Get out there

Danette Dooley
Send to a friend

Send this article to a friend.

A recent MUN graduate says there's more to university life than books and bashes: lending a helping hand is good for the soul and the resume

Twenty-three-year-old Samantha White has some advice for first-year students heading to Memorial Univesity this month.

Doing well academically is important, she says.

However, getting involved in the community early into studies is also crucial.

"In your first and second years you really need to get out there. There are so many organizations looking for volunteers and they really need the manpower. And that gives you an opportunity to have these experiences that are priceless," the Goulds native says.

Photo by Danette Dooley/Special to The Telegram

Twenty-three-year-old Samantha White has some advice for first-year students heading to Memorial Univesity this month.

Doing well academically is important, she says.

However, getting involved in the community early into studies is also crucial.

"In your first and second years you really need to get out there. There are so many organizations looking for volunteers and they really need the manpower. And that gives you an opportunity to have these experiences that are priceless," the Goulds native says.

White has many such experiences to look back on.

She graduated in May with a joint honours degree in neuroscience and statistics and has been awarded a two-year scholarship to pursue her master's degree in epidemiology at Dalhousie University.

During her five years at Memorial she offered her time to many causes, such as Sunshine Dreams for Kids.

The non-profit organization fulfils dreams for children across the country challenged by severe physical disabilities or life-threatening illnesses.

It's "one of the best feelings in the world," White says, to tell a child their dream is about to become reality.

"There is a little girl in Newfoundland who had a terminal illness and a severe disability. She was in a wheelchair and things were about to get worse. We got to drive (to the child's home community) put on the (Sunshine) bear costume, get some balloons and tell her that she was going to Disney World with her best friend."

During her first semester at Memorial, White began volunteering as a tutor with Students for Literacy.

She stayed with the group her entire five years of study.

It's a needs-based program that operates on a shoestring budget, thanks to a terrific organizing team, White says.

"We train MUN university students to be volunteers. They work with kindergartens in reading circles, new Canadians trying to learn English for the first time, high school dropouts who are trying to get their GED, " White says.

Tent sleep-in

In January she spent 10 days living in a tent at the university library with Danielle Barron.

Barron was also a Students for Literacy volunteer.

The campout was a national effort to raise funds for and promote campus-based student-run literacy groups.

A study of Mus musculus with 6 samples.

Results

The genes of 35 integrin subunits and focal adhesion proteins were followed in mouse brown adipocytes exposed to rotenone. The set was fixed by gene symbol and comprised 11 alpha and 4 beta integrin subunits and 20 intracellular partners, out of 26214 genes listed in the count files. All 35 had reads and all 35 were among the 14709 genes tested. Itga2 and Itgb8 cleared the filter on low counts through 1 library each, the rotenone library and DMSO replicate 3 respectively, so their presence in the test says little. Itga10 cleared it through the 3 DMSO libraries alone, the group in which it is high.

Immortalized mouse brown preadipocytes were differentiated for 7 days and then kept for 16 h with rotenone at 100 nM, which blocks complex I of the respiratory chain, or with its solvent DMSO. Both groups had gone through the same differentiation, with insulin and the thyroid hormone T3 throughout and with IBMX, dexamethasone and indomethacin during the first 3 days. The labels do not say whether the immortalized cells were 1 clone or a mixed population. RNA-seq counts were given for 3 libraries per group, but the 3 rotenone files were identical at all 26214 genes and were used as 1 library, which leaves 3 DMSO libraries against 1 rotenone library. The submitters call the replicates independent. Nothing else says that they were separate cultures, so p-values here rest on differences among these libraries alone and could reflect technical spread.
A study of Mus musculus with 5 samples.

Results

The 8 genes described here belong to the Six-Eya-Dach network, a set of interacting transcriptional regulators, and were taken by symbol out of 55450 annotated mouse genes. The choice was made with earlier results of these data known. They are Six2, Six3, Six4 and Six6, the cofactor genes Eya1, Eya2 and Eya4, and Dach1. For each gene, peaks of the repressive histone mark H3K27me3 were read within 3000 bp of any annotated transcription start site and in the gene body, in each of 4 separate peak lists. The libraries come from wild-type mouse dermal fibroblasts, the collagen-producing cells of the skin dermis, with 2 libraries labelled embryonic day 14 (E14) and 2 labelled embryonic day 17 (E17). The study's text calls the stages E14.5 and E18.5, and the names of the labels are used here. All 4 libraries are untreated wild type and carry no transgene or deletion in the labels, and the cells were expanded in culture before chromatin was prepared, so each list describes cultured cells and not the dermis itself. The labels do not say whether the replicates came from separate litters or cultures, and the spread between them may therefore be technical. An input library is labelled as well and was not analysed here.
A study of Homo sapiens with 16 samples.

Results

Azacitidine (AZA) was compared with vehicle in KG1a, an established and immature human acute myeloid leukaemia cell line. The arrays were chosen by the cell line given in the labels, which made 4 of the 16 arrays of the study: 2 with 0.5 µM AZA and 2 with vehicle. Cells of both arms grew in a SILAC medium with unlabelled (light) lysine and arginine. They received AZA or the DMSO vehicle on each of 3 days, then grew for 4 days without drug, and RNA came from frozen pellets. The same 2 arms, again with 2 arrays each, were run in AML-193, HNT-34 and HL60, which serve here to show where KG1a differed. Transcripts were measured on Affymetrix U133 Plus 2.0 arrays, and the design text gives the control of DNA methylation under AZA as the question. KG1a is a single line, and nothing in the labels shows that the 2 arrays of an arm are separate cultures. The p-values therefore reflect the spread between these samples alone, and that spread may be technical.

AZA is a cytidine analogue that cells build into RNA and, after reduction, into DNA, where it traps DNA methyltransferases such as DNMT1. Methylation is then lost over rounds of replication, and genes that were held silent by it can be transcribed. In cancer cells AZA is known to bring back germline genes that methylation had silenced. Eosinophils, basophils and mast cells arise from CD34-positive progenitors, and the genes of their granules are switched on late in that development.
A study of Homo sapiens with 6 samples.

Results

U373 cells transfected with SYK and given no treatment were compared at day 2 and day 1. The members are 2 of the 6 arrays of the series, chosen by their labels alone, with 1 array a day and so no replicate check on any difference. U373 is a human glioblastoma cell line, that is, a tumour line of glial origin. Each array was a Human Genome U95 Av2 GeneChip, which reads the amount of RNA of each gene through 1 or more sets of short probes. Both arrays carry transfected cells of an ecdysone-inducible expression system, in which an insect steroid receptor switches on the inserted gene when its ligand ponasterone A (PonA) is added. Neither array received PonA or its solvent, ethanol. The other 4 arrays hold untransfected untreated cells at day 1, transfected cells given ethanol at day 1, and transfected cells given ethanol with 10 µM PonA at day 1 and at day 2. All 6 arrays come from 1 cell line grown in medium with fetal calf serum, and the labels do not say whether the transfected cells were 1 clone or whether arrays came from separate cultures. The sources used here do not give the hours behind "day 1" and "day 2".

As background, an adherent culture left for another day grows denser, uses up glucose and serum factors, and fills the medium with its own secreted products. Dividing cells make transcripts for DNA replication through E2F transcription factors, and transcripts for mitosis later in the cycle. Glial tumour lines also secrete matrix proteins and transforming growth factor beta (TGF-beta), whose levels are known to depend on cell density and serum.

White's other volunteer initiatives included Engineers Without Boarders (EWB) and the AIDS Committee of Newfoundland and Labrador.

EWB helps reduce world poverty and gives people in developing countries a better life through access to technologies.

While her name appeared on the Dean's list at Memorial, White says she was an average student in high school, hardly an overachiever.

"I think I got into MUN by the skin of my teeth," she says.

Nonetheless, it was always a given in her family that, once you earn your high school diploma, you continue with your studies, she says.

"When you finish high school, the attitude my parents (Joe and Rose White) always took was that you're going on to post-secondary education. And I think that attitude and that type of confidence and encouragement is very helpful."

White's brother, Joey, is a MUN political science student.

When the time came for her to begin university, White says, she was ready to forge ahead in every aspect of university life.

Volunteering helps you make connections and develop skills, she says, adding it also helps you decide where you want to go in life.

"After you volunteer in so many different places, you know if you want to work with kids or if you want to work with seniors, and so on. So, academics is only a small fraction of university life," she says.

After completing her master's degree, White would like to return to this province to work as an epidemiologist.

Ideally, she says, her efforts would be focused on HIV/AIDS, sexually transmitted infections and sexual health, particularly as they relate to rural communities.

"Newfoundland is the perfect spot to do that type of work. It's my end goal to come back here and, hopefully, make a difference."

danette@nl.rogers.com

Organizations: Dalhousie University, Sunshine Dreams for Kids, Disney World MUN university Students for Literacy AIDS Committee of Newfoundland and Labrador

Geographic location: Newfoundland, Goulds

  • 1
  • 2
  • 3
  • 4
  • 5

Thanks for voting!

Top of page

Comments

Comments

Recent comments

  • Dennis
    July 02, 2010 - 13:31

    I met Sam through Student for Literacy. She's a fun, bright girl, who's shown that she loves to help others. Students would do well to follow her example.

  • Dennis
    July 01, 2010 - 20:20

    I met Sam through Student for Literacy. She's a fun, bright girl, who's shown that she loves to help others. Students would do well to follow her example.